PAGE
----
Fishing for shopping carts in the Kern River. It's an unusual sight but it's exactly what happened at 6 a.m. Wednesday as part of a two-day homeless camp cleanup.
Last week, city of Bakersfield officials posted notices on areas where camping is prohibited. The signs cited a city law prohibiting sleeping, camping, or having any kind of shelter on any public city property, said Associate City Attorney Richard Iger.
"The riverbed is not designed for human habitation," Iger said. "There are no facilities for hygiene, no security, and diseases can spread and affect the community if they continue to live there."
Although the city has cleared camps along the river before, this is the first year that it is done so on a large scale.
"The city used to just clean up one or two camps before, but we put notices on 38 camps this past week," Iger said. The larger cleanup was spurred by the large amount of trash that was accumulating.
About 30 city staff members helped clear out these camps, along with members of the water, parks and recreation and police and fire departments.
Along with signs telling people they had to vacate the area, a notice was issued that gave homeless people the opportunity to attend a hearing in court to state their opinion on the property being seized, but nobody attended the hearing, Iger said.
Along the Kern River by Riverview Playground Park in Oildale, more than 20 shopping carts could be seen from above the riverbank.
"Stores up and down California have shopping cart issues where homeless use these carts to carry their belongings and the carts end up in rivers," said Brian Raymond, director of operations of California Shopping Cart Retrieval Corp. Removing shopping carts from store property is illegal, Raymond said.
The carts Raymond and his team fished out Wednesday morning were mostly from FoodMaxx and Save Mart stores. They collected 58 carts just on Wednesday.
Shopping carts can weigh up to 70 pounds but with soot and water, they can weigh three times more. It takes a lot of upper-body strength to pull them out of the water, said Robert Astorga, a contractor with the cart retrieval service.
"The Costco carts are the heaviest and you have to make sure to aim the hook at a good spot that can give you enough stability to pull it up," Astorga said.
To get the cart out of the river, Astorga aimed at the cart, using a rope with a hook at the end. He then threw the rope and hoped the hook latched onto the cart, If not he would try again. Once he caught the cart, he threw the end of the rope up to two other guys and they all pulled at the same time to bring the cart out slowly.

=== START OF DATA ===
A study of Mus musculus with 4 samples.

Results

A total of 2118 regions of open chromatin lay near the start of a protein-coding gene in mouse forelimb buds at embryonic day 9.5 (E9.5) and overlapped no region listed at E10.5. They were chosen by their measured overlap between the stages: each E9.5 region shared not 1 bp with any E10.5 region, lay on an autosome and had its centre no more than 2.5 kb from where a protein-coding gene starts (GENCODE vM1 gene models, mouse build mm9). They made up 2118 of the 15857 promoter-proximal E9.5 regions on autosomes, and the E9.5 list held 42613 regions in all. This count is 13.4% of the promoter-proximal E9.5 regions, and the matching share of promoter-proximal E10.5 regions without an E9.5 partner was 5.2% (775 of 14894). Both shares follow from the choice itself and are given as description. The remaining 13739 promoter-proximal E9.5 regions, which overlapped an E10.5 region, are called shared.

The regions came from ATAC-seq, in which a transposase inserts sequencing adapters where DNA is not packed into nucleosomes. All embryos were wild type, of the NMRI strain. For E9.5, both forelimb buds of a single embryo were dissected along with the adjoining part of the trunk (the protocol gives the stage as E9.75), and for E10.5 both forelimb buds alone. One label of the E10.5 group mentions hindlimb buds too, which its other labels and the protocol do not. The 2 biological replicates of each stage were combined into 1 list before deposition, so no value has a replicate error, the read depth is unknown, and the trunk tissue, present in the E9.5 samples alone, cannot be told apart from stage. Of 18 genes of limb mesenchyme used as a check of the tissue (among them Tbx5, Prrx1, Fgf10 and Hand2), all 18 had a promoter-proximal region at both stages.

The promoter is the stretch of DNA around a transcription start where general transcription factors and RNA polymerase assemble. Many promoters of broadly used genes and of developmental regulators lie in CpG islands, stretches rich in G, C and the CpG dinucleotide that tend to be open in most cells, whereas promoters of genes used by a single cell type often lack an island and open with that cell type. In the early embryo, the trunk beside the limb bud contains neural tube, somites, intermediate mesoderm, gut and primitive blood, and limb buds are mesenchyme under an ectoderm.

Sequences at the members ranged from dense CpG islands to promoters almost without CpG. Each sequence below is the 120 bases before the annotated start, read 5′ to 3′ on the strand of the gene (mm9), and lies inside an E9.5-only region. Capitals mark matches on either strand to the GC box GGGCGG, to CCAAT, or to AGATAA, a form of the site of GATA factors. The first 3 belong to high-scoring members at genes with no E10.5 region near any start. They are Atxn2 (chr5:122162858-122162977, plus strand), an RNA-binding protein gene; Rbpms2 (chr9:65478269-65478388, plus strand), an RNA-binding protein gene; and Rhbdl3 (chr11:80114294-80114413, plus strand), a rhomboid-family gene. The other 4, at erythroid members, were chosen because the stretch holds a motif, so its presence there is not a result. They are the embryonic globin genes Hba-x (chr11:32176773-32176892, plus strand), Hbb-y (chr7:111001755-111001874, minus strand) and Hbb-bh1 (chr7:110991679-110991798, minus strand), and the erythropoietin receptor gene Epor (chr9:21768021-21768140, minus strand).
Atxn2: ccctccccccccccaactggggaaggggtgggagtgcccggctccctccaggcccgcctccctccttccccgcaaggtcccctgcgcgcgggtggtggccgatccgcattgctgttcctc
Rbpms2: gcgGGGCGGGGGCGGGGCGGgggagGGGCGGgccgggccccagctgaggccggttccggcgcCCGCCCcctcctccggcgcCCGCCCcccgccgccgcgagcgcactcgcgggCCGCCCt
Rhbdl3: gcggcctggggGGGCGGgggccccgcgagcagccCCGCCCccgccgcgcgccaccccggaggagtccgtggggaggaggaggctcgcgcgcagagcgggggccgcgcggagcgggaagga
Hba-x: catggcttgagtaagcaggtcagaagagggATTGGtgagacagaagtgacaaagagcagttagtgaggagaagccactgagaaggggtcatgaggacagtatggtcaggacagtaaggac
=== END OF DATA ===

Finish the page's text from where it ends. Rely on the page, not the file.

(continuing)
On the other side of the river, a homeless couple with their dog carried yellow and green backpacks and loaded them up to a small green wagon, attached to an old rusted blue bike. They were getting all of their belongings out of the area before the city clean-up crew went through.
"It's sad that they are kicking us homeless out of what we have established as a home," said the man, who didn't want to give his name. "We have been moving down the river for the past eight months and now we don't know where to go."
The couple had established their camp under four trees that provided shade during the day. There were pieces of cardboard, old sheets, two small pillows, a broken gray boom-box, a gray tent, an empty dog food bag, a camouflage hat and a couple of sweaters on the grass.
"We were living in this area with four other homeless and they all just packed up and left yesterday," the man said. "But we wanted to stay because we had a couple of more things to pack before heading off to who knows where."
Iger respects the concerns of the homeless people who are being cleared from the river, but said the city's goal at the end of the day is to get them to a better option than living by the river.
"They feel they have nowhere to go but part of this operation is to inform them that they do have other options where they can get help, especially with so many non-profit organizations in the city that are willing to help them," Iger said.